There’s nothing like local artwork to welcome you to a new place and give you a sense of its history, heritage and culture. Here in Newfoundland and Labrador, all of these things are entwined with the North Atlantic – and thanks to three pieces by mosaic artist Vessela Brakalova (co-founder of the design studio Vis-à-Vis Graphics, with Veselina Tomova), visitors to St. John’s International Airport have the opportunity to soak in the beauty and significance of our marine environment in a new way.
“Rich Waters (Sharing the rich waters of the North Atlantic, #1 and #2)” and “Destination: Portrait of St. John’s” were commissioned with the assistance of Business & Arts NL and funded by Marco Group, Colliers Project Leaders, and John Hearn Architect Inc. They were officially unveiled on July 10 at the newly expanded Departures Lounge. For Brakalova, who immigrated to Canada in 1990, this place of departure and arrival holds special significance. She took some time recently to chat with Business & Arts NL about her life and latest work.
Business & Arts NL: According to your bio you were born in Sofia, Bulgaria, left as a refugee in 1990, and your experience at Gander International Airport was your introduction to Canada. Taking that into account, how did it feel to be selected as the artist whose works will greet passengers at the newly expanded St. John’s International Airport?
Vessela Brakalova: I feel humbled, as I have become one of those mosaic pieces in the tapestry of great Canadian content. I also feel lucky for the opportunity to have my digital mosaic installations on permanent display at the new YYT Airport departure terminal. And this is all possible because 28 years ago, Canada opened her doors and allowed my wildest dreams to become true. My son teases me that I haven’t made it any further than the airport.
Business & Arts NL: Over the years, you’ve become quite well known for your mosaic works. Can you tell us a bit about the approach you took here with regards to the design of these three pieces?
VB: The three digital works are inspired by my mosaic practices. It was fun trying to envision what the work would look like if it was made from glass pieces. I’m fascinated by the mosaic medium because to me, this old art form represents a reincarnation of the value of “slow” against the nowadays value of “instant” gratification. This technique requires a steady focus, a mindful patience and an incredible persistence. Just like the old masters.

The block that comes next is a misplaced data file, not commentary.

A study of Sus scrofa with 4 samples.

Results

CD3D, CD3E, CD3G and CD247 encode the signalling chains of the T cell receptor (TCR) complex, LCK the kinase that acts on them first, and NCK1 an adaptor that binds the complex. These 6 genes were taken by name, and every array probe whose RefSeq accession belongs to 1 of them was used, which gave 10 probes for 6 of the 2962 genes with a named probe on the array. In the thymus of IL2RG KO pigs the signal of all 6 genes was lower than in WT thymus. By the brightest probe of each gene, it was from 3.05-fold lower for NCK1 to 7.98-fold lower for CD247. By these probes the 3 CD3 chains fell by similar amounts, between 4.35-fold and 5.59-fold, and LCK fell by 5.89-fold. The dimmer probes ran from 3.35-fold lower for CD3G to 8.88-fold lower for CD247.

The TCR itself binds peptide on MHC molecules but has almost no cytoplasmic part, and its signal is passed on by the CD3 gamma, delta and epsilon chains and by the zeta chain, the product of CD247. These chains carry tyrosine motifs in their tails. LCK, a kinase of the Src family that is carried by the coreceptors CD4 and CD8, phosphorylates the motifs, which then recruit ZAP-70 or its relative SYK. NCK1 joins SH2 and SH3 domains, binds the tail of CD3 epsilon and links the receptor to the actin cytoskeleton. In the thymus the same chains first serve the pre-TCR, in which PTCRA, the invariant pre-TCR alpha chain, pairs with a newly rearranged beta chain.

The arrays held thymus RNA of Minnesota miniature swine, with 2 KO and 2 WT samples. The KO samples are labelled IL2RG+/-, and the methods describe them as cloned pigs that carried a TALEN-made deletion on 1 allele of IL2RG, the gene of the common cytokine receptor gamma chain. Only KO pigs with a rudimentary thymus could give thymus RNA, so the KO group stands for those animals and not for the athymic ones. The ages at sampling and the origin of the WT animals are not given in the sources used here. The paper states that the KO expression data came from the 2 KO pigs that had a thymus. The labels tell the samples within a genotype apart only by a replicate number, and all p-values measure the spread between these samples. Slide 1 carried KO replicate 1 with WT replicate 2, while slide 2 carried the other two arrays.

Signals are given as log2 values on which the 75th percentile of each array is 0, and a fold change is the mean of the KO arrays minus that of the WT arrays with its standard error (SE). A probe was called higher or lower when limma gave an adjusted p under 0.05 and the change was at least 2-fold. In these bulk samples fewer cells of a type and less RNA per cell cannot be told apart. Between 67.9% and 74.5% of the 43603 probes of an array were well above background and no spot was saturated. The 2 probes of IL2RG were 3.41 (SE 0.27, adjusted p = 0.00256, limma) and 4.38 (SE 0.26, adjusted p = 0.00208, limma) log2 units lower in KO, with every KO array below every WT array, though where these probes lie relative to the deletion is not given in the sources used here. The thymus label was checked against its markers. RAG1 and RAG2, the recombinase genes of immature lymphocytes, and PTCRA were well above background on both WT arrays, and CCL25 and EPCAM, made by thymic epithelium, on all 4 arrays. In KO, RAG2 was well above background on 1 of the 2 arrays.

The size of the finished work presented some challenges. It was important to use a technique that enables me to create large files without being GB heavy. I chose a vector design program, which permits me to manipulate each of the colour pieces separately. The established grid of small colourful squares creates a sense of movement, which deepens the liveliness of the work, provides dynamic flow and great camouflage for hidden treasures.
Creating the map was fun in its own way. This is not my first map of St. John’s Harbour, but it is the scale that encourages me to play with more details. The city is loved by so many people! I took extra care to pay attention to rich details and local characters.
Business & Arts NL: Two of your three pieces are a great homage to our marine environment. How did you settle upon this theme?
VB: The work was to be surrounded by deep blue tiles…it was obvious. As Islanders, we are surrounded by the vastness of water, which sometimes we take for granted. It was the existence of the water that constituted the existence of this place. When one departs from St. John’s Airport, no matter which direction, one always flies over water.
“Sharing the rich waters of the North Atlantic, #1 and #2” is the figment of my imagination, what the underwater scene would look like. My daughter, a passionate ocean scientist and adventure diver, has given me a lot of inspiration. Through her eyes, I have been many times in my imagination diving deep.
Business & Arts NL: With the airport serving 1.5 million passengers annually, there are going to be a lot of eyeballs upon your work. Is there a certain feeling or sentiment you’re hoping to evoke within those who view these pieces?
VB: (With) the scale of the work and its playful interpretation, I like to give travellers of all ages a moment to pause and reflect on the uniqueness of the place they leave behind.
To read more about the unveiling of Vessela’s work at St. John’s International Airport, click here.